I Got Bills (Part 3): The price of one of life’s great milestones
I have always been extremely independent and growing up I could not wait to be able to move out and be on my own. From as far back as I can remember I planned how my flat would be decorated, the food I would eat, the area I would like to be situated in and all the fancy gadgets I wanted to accumulate. Starting out on your own can be exciting, that is until you look at the cost. Analysing the situation now, a bachelors flat with running water is probably more obtainable.
According to Numbeo: rental and entertainment is most expensive in Cape Town, whilst groceries and the general cost of living is highest in Johannesburg. Regardless of where you live in the country, the cost of moving out is relative and you need to prepare before-hand.
Rental varies depending on where you would like to be situated. It is recommended, by Apartment Therapy, that you budget to spend approximately 30% of your monthly income on rental. Following areas that fall into your price range on apps and sites showcasing property can help you narrow down your search and refine your options. Partnering up with a friend or sibling can give you a broader selection pool and take some of the financial pressure off without sacrificing your living standard.
Insurance and medical aid is an important consideration before taking the big step. If your employer does not cover- or insufficiently covers you, you need to look at insurance packages to ensure you are not left stranded. Many financial services companies now offer packages based on your income which can be greatly beneficial to someone who is starting out.
Transport and vehicle expenses can simultaneously vary, depending on whether you are relying on public transport or running your own vehicle. Record how much you spend on travel expenses in a given month and remember to budget for that when leaving the nest.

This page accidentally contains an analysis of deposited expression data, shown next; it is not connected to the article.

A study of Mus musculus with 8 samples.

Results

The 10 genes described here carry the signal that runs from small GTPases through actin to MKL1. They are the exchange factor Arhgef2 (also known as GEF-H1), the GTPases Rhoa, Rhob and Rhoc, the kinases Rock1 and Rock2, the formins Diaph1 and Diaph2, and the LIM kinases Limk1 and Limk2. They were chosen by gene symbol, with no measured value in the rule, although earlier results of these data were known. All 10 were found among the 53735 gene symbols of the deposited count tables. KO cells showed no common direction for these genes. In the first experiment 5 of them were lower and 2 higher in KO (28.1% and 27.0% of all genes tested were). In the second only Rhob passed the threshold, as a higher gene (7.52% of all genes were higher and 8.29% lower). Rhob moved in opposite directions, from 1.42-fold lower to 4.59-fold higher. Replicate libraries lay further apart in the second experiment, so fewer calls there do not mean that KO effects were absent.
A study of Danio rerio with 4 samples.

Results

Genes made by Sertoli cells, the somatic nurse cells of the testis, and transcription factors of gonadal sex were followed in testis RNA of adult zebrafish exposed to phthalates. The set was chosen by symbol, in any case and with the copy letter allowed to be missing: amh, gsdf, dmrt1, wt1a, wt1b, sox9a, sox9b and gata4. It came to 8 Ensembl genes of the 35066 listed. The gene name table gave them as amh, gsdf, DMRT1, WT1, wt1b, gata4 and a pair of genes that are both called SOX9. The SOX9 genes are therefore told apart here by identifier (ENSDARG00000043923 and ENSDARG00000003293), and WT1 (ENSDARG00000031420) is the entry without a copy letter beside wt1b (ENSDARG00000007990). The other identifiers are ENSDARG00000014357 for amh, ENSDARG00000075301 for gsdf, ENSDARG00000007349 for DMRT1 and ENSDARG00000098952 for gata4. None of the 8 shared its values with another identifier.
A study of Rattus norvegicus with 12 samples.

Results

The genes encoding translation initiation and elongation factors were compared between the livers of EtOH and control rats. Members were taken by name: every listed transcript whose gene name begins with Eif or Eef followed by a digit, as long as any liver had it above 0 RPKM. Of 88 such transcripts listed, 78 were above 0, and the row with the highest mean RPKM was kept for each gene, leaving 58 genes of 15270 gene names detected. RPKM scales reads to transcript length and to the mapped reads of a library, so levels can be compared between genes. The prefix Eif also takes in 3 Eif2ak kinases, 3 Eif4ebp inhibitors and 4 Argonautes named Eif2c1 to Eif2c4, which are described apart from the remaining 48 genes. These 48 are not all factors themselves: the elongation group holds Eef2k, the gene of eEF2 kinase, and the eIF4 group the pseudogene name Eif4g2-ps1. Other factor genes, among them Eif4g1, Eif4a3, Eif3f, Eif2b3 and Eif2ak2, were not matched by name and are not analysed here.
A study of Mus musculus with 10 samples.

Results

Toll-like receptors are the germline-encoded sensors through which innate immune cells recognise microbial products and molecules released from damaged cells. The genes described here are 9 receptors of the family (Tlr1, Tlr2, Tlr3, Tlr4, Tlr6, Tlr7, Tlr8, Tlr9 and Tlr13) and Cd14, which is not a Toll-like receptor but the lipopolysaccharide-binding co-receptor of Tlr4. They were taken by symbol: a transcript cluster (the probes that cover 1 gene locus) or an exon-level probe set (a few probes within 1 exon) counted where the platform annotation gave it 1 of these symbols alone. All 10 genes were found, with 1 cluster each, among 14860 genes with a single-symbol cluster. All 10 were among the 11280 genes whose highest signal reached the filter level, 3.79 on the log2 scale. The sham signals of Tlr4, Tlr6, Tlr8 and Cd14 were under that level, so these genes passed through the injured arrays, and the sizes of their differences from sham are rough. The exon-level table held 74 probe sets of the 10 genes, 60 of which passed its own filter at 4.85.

Although the luxuries and gadgets will come with time, being able to equip your new home with all the necessities is an important consideration for before you leave. Whether you are going to rely on hand-me-downs or buy new or second-hand goods, you need to budget in the cost of essentials.
My advice: stay at home as long as you can, but do not take it as a free ride. Use your family’s hospitality as a time to save and get ready for what awaits you. Make a budget of what start-up costs you need to save for, as well as a monthly budget of living expenses. If you make provisions for the future and plan for the great unknown, your goals are attainable. Who says you can’t decorate your apartment the way you desire, eat the food you enjoy, live in the area you choose and indulge in the luxuries you deserve? Through planning and sacrificing now, you are able to indulge later on.
With that said, don’t forget to live a little. All I am suggesting is that we spend less on things that have an expiry date and more on the things that provide us with perpetual benefits.